Love Shows Up
I went somewhere fairly unexpected today: CFOT (the pseudo-seminary I went to). I never intended to go back. I was certain that if I did, I would be either met with pitchforks, torches, and holy water, or would have a massive heart attack upon entering. The universe has other ideas, though, and I found myself saying to a friend yesterday, “I’ll be there tomorrow.”
My friend needed help. I had the day off. Every molecule in my body demanded that I go, so I woke up, used my coupon for free donuts, and drove the few hours to get there. The traffic was gross, but I didn’t mind it. It was when traffic cleared up and I was a few blocks away that things got wobbly. My hands felt a little lighter. My shoulders tensed. My mind raced: pitchforks or heart attack, which will it be? What horrifying circumstance would undo me?
Whether it was one or the other, I was afraid of one message being received again: I don’t belong here. It was a message I heard a lot when I was in The Salvation Army. I saw myself being greeted by one of the officers who was sure to not want me there and having to explain why I was on campus. I thought of all the scathing things I would say and all the potential reactions. The one that brought me the most hypothetical satisfaction was the simplest: Because love shows up. When people need help, love shows up. In my mind, not only would this be simple, but it was also a little gratifying and pompous.
In order to get to the entrance, you have to drive around three sides of the campus. As I drove, I didn’t know what would happen. What monster was I going to meet? Three right turns and I saw the monster I didn’t plan for: my friend Steve.
If I’ve never wanted to jump out of a car I was driving before, I did then.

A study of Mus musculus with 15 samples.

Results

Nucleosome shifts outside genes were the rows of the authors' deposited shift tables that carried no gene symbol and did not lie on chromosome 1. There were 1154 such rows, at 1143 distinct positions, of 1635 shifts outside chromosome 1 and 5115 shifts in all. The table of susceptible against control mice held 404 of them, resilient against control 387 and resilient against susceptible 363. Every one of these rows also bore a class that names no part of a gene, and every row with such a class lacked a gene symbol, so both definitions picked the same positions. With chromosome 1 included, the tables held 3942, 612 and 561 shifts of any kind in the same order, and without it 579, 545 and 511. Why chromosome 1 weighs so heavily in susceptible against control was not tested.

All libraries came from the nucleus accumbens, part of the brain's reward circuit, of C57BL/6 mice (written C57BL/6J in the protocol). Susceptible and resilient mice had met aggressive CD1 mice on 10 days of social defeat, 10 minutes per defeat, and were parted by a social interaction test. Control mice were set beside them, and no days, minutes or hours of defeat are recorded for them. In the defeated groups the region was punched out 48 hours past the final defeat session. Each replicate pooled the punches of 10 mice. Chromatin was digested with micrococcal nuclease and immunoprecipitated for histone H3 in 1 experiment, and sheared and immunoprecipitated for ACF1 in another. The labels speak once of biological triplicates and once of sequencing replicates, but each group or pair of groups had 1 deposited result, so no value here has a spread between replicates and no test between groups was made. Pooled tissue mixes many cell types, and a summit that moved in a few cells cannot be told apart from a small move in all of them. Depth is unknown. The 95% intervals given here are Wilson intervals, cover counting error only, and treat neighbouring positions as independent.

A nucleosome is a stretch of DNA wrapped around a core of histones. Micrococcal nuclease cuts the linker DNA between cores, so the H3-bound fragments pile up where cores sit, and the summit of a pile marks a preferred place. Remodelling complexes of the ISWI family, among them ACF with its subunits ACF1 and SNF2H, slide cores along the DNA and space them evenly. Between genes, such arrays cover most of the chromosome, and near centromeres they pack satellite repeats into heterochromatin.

Steve is the best kind of monster. Steve is, for lack of a better descriptor, a Godzilla of love. Fierce, funny, unapologetic love for everyone, just stomping around this planet, daring anyone to prove themselves unlovable.
Cindy, listen to yourself sometimes: when people need help, love shows up.
I parked and called his name. He hugged me and in seconds, I was laughing. He walked me inside and I waited in his office for a bit. I didn’t feel like I didn’t belong anymore. I don’t know where he was coming from, or where he was headed, but through serendipitous circumstances, he was there.
I went and helped my friends for a while, and while I was helping, a few others showed up throughout my day: Heather came by and helped (I’ve known her since we were nine), and then I ran into her husband Xav, and my former instructors, Beth and Sandy. Dennis, whom I knew as a teenager and now as a young man. Hugs and happy faces. It was a mini “This is Your Life.”
Love shows up.
I was also excited to see my friend Brian, who works there. He’s been good to me over the years I’ve known him. He listens and and asks good questions. We sat and talked for a while before he had to leave and I drove home.
I wish I could have done more to help my friends, but I left knowing they have more help coming, other friends whom I love dearly are going to show up.
Love shows up.
There are times when I am still a little raw about the hurt some people caused. But the deepest part of my soul knows that when life is desperate, when my panic sets in and I need it, love shows up somehow, and often from the friends I have gained through my time in The Salvation Army. It’s not the place for me anymore, but thank God for the people who do get it right. Some are active members and some formers, but we all try to be Godzillas of love.
Because love shows up. When people need help, love shows up.